Saturday, April 04, 2015, 15:23 GMT+7

Vietnamese consumers may have been using genetically modified (GM) food for years without the knowledge of their real origin.

While Vietnamese scientists and experts are concerned over the licensing of the commercialization of genetically modified (GM) corn in the country, local consumers are worried about the health as whether a food is genetifcally modified or not is not made clear on the product packaging or label.

Hoang Thu Trang has decided to stop buying soya milk from her favorite store in District 7, Ho Chi Minh City, following unverified report that soybean imported from the U.S. to Vietnam are GM food.

“I’m not sure if they really produce the milk from U.S. soybean, but I have to stop [using them] just in case,” the District 1 resident said.

Trang has even a bigger worry that the cooking oil she is using too is made from the GM soybean.

“Then I will not know what alternative to use,” she said.

Many Vietnamese food importers said they only inspect the safety and quality of the imported food, rather than paying any attention to whether they are genetically modified or not to place the GMO labels on them.

Vietnam imported 3.5 million metric tons of dried soybean meal, 1.5 tons of soybeans, and 4.8 million tons of corn in 2014, said Le Ba Lich, chairman of the country’s animal feed association.

The corn and soybean meal were used to produce feed for livestock aquatic animals, whereas the soybeans was turned into different food such as cooking oil, soybean milk, and tofu, Lich added.

“Most of the soybeans from the U.S. and Argentina are GM and Vietnam has been importing for decades,” he said.

Lich added that the Ministry of Agriculture and Rural once suggested putting the GMO labels on these products, but the proposal has never come to life.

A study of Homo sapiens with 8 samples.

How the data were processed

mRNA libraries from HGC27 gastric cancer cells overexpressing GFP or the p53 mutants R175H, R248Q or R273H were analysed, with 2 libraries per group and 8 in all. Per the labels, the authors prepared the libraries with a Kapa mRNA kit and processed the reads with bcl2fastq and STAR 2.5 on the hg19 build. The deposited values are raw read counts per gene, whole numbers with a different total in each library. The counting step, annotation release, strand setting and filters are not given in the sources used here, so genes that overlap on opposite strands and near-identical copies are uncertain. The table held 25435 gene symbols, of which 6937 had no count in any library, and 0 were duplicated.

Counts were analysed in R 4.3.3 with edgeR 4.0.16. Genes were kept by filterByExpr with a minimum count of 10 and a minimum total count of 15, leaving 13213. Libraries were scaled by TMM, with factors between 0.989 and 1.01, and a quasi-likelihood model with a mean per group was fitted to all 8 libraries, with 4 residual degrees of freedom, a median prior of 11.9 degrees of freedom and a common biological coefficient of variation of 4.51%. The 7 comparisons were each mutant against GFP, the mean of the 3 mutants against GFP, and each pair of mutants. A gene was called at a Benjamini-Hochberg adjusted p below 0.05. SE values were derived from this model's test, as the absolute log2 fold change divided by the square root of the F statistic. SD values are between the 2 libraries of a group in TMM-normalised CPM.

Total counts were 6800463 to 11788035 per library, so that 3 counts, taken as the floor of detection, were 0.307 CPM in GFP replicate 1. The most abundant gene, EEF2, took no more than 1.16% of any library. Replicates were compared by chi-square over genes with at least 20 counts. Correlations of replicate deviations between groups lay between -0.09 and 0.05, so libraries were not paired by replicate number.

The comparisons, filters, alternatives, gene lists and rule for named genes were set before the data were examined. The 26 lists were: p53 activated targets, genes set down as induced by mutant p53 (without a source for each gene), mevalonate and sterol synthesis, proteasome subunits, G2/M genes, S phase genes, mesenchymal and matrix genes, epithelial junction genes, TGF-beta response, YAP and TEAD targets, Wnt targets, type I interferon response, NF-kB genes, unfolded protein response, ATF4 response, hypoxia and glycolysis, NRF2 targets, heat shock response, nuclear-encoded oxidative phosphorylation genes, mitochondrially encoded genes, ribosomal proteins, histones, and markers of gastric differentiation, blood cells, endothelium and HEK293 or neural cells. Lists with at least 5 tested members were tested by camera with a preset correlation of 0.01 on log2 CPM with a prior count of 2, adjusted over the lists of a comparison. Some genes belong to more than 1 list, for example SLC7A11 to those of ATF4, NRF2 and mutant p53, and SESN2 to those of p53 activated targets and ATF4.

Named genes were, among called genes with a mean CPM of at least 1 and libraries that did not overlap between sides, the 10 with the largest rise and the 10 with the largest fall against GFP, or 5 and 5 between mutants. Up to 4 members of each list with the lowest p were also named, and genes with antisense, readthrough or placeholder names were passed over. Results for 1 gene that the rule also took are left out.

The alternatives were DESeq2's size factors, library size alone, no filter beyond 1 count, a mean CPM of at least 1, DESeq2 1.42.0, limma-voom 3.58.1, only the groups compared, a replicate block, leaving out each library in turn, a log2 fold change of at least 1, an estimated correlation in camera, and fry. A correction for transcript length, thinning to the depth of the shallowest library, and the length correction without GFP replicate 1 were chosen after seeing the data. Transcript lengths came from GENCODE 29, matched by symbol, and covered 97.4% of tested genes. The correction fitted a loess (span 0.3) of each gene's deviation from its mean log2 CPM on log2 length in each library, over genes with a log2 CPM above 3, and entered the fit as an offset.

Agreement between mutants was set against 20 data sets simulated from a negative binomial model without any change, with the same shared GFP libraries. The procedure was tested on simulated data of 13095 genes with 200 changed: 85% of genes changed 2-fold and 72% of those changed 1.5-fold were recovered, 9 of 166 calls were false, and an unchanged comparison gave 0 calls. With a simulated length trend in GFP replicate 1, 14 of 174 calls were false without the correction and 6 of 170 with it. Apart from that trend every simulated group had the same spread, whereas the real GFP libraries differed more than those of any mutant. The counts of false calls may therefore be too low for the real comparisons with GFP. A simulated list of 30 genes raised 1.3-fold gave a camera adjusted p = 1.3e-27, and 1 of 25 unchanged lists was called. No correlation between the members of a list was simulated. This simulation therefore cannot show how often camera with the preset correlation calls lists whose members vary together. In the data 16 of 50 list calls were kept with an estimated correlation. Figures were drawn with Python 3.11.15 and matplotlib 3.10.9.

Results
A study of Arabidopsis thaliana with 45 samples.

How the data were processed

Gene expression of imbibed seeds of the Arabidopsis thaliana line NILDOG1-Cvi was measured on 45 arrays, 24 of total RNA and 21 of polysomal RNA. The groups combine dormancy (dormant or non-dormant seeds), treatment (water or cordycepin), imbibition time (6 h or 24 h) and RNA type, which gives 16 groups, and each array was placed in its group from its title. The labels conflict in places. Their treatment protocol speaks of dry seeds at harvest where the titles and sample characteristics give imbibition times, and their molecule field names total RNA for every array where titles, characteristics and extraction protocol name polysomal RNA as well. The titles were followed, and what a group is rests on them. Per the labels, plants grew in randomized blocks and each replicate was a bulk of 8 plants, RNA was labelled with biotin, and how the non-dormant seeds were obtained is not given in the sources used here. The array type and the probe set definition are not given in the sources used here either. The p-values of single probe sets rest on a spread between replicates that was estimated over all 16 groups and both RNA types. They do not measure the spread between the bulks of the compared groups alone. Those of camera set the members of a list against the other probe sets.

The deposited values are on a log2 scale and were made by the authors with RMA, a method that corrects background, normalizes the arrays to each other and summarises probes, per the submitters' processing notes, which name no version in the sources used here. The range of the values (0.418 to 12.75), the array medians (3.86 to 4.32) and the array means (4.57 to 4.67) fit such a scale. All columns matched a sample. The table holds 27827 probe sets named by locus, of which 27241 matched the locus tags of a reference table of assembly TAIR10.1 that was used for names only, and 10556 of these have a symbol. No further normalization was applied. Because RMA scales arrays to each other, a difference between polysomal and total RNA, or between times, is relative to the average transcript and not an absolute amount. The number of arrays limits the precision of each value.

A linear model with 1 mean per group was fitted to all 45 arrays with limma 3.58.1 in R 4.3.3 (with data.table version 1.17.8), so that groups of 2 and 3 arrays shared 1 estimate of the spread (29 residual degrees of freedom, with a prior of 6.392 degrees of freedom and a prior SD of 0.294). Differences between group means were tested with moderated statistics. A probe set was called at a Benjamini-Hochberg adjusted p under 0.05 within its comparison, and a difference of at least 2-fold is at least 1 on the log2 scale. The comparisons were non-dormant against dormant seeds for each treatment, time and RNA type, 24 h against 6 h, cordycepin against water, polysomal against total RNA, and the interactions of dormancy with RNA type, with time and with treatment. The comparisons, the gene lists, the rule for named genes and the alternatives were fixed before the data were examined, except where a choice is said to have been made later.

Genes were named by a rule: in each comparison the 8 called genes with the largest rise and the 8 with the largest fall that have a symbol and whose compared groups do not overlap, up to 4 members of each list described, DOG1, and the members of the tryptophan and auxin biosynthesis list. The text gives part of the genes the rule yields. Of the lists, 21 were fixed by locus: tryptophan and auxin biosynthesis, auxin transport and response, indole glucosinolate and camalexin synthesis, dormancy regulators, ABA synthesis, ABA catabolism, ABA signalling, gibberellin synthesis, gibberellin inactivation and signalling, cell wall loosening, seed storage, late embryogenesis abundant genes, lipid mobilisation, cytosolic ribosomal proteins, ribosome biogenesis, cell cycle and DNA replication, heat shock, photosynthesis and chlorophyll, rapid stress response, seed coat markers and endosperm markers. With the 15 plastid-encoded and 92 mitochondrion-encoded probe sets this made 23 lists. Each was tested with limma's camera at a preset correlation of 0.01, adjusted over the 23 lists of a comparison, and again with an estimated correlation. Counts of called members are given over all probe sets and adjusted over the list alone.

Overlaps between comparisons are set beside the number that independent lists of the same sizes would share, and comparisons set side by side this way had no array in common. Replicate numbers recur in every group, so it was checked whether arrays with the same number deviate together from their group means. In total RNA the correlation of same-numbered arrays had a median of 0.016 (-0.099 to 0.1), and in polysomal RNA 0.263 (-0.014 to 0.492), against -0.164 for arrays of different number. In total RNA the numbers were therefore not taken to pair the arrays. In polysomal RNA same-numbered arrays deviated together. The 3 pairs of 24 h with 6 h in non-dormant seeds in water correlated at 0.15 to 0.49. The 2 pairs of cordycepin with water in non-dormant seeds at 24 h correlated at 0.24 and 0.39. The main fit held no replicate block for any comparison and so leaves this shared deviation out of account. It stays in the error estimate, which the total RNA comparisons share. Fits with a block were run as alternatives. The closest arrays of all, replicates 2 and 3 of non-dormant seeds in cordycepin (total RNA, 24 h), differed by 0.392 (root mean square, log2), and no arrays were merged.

The director of an animal feed material importer admitted that he has never checked the GM origin of his imports.

“We sell the corn and soybean meal to companies but do not know what they do with the materials,” he said on condition of anonymity.

To date, some 29 countries have licensed GM crops, whereas around 100 nations allow the consumption of GM food under strict requirement on labeling.

At many countries, a product must bear the GM label when at least 5 percent of its content has a genetically modified origin.

But it is not the case in Vietnam.

“We are completing the regulations on the management and labeling of GM food,” said Nguyen Thi Thanh Thuy, head of the technology department under the agriculture ministry.

Some local businesses have taken action before an official regulaton is put in place.

Ngo Van Tu, managing director of soya milk maker Vinasoy, said the company uses 80 to 90 percent of local raw materials for production, and only imports the remaining from Canada.

“All of the import batches must obtain certificate saying that they are not GM food,” Tu said.

Vinamilk, Vietnam’s largest dairy producer, also carefully selects the sources of their raw material imports.

“The imported soybean must pass GM origin checks by Vietnamese authorities before we take them,” said Do Thanh Tuan, head of public relations with Vinamilk.

Tuan said the company has to be cautious when it comes to GM food because “we are exporting to many European markets where genetically modified food is unaccepted.”